Monster Magnet – Spine Of God Review

Monster Magnet - Spine Of God

Monster Magnet - Spine Of God

New Jersey’s Monster Magnet are one of the pioneering names in Stoner Rock and their 1991(Germany)/1992(USA) debut studio album Spine Of God was one of the first ever commercially available albums in the genre.

Beyond simply being released early, Spine Of God is a hugely influential and well-respected album that no Monster Magnet fan should be without. Although the production isn’t as strong as their following albums, stylistically the album feels almost like a lost album from the 70s, which is supported by the raw production in addition to the bands mixing of Classic, Space, Prog and Psychedelic rock stylings.

The Psychedelic influences in particular are really strong, more so than on any of the band’s subsequent releases. The music is hypnotic, layered and is awash with numerous effects and consequently the sound is as hazy and drugged-out as Dave himself purports to be in the lyrics.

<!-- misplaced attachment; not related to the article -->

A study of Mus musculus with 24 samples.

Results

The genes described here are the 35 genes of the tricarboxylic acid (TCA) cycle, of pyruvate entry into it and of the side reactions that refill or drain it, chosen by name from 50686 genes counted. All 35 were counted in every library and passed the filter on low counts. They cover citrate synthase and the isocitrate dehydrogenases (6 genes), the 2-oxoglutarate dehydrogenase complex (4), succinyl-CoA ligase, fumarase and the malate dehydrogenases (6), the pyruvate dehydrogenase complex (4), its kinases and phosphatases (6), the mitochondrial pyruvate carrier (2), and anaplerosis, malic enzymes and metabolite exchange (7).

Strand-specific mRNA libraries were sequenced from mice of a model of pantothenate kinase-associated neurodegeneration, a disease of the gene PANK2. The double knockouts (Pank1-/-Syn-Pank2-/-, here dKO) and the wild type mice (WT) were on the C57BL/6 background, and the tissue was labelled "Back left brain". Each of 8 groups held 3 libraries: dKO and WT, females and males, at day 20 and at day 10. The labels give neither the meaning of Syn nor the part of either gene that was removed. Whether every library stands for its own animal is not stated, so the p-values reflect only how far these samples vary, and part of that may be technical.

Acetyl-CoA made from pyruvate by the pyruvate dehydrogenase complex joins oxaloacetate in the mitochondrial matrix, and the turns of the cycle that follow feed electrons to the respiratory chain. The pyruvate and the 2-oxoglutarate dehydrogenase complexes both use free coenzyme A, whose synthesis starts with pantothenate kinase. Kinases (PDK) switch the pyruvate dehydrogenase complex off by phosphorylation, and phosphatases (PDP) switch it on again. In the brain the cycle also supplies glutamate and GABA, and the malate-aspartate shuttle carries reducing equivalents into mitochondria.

Dave Wyndorf’s strong voice and impressive vocal range is what most Monster Magnet fans find appealing and the strange and amusing lyrics are interesting as always, even at this early stage in their career.

Highlights include The Title Track, which comes across in the same dark foreboding psychedelic mood as Pink Floyd’s ‘Set The Controls For The Heart Of The Sun’ only filtered through a 1990s perspective as well as ‘Sin’s A Good Man’s Brother,’ which is a Grand Funk Railroad cover song and the harder rocking ‘Snake Dance,’ which sounds somewhat of a taster of things to come for the band’s next album SuperJudge.

Overall, Spine Of God is a genre classic and if you like Monster Magnet or indeed any other bands on the Stoner/Desert Rock end of the spectrum such as Sleep, Kyuss, Fu Manchu, Clutch, Sheavy, Dozer or Orange Goblin, then it really is something that you ought to consider trying out.